Huge jackpots fuel record lottery money to schools fund

Shawn D. Lewis
The Detroit News

Those scratch-off lottery tickets and huge Powerball jackpots are paying off in a record-breaking fashion for Michigan schools.

The Michigan Lottery contributed a record $888.9 million to the state School Aid Fund in the 2016 fiscal year. It marks a 12 percent increase from the previous record of $795.5 million set in 2015, according to preliminary results released Monday.

Double-digit growth in the lottery’s instant game portfolio, record player Powerball purchases from the $1.6 billion jackpot run in December and January and online games, launched in 2014, were credited by lottery officials with the record funding.

It was the 10th straight year the lottery has provided $700 million or more for public education in Michigan. For that 10-year span, the lottery’s contributions total $7.6 billion.

The lottery’s funding for public education equals more than $20.5 billion since 1972.

Jeff Holyfield, Michigan Lottery spokesman, said it’s up to the Legislature to determine how the money is allocated to the schools.

“We estimate what we provided last school year was about $580 per each child in K-12 in Michigan, regardless of the district,” Holyfield said. The money then goes into the School Aid Fund and the Legislature sets the funding levels.”

The per-pupil foundation allowance this school year is between $7,511 and $8,229.

Michigan Department of Education spokesman Martin Ackley explained how the money arrives for the schools.

“The net lottery revenues are deposited into the state School Aid Fund and distributed through the per pupil foundation allowance appropriated by the Legislature,” Ackley said. “The lottery funds are sent right to the School Aid Fund, and is not considered ‘extra money’ … just as if the state collected more sales tax or property tax revenues — that would not be considered ‘extra money’ either.”

Asked if this means the more the lottery provides, the less needs to be shifted from the general funds to schools, Ackley said: “That depends on the state Legislature, which appropriates what it deems to be needed for state public schools, but the percentage or amount of general fund dollars is not set in law — the Legislature has discretion on that amount.”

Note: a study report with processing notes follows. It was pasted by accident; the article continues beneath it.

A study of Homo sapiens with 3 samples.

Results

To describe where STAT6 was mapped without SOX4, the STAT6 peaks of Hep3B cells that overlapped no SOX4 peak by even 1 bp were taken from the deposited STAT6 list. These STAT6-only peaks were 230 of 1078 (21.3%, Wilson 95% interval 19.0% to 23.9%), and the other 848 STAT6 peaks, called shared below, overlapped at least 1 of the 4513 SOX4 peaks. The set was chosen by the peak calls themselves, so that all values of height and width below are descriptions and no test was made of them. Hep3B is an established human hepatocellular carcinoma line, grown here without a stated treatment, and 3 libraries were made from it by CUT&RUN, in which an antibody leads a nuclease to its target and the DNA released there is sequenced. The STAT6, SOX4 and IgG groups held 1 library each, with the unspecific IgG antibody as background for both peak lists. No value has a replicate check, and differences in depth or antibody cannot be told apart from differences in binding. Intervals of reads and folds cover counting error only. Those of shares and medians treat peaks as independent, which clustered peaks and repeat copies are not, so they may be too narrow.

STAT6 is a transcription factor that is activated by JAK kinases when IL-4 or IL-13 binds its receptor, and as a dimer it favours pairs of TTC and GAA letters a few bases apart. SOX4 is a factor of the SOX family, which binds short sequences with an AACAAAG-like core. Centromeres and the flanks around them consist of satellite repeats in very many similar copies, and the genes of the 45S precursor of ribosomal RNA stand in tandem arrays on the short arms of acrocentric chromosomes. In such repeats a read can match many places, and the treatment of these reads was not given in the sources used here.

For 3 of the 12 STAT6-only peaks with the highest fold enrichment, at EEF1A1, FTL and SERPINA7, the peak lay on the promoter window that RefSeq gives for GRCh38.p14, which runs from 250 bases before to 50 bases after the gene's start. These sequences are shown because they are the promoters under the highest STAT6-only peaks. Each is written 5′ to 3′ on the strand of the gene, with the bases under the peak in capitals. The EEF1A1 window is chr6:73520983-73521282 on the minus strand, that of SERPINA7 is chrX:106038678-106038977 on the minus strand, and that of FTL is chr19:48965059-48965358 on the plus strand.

For each dollar spent on a ticket in 2016, about 29 cents went to the School Aid Fund, according to lottery officials.

According to the state budget office, in fiscal year 2015, the top three sources of revenue for the School Aid Fund were sales and use taxes (43.6 percent), personal income tax (18.2 percent) and property taxes (13.6 percent).

Other sources include federal revenue, 11.8 percent, miscellaneous taxes, 6.5 percent; the lottery, 5.8 percent; and the general fund, 0.2 percent.

“While lottery funds only account for around six percent of the entire state School Aid Fund each year, it certainly helps local school districts to have more resources to drive student achievement forward,” Ackley said.

Holyfield said the lottery benefits students and taxpayers.

“Every dollar we provide is a dollar that doesn’t have to come from the taxpayers,” he said. “We’re in the entertainment business and provide entertainment, value and excitement. From that, we’re able to provide a nice chunk of funding each year.”

The 2016 performance made the Michigan Lottery the fastest growing lottery in the nation.

The Michigan Lottery also set several other records in 2016:

■$3.1 billion in player purchases, eclipsing the previous mark of $2.8 billion in 2015.

■Instant game purchases hit $1.1 billion, after topping $1 billion for the first time last year.

■Players won $1.9 billion in prizes, up from $1.7 billion in 2015.

■$231.7 million was paid in commissions to retailers, breaking the previous mark of $203.6 million set last year.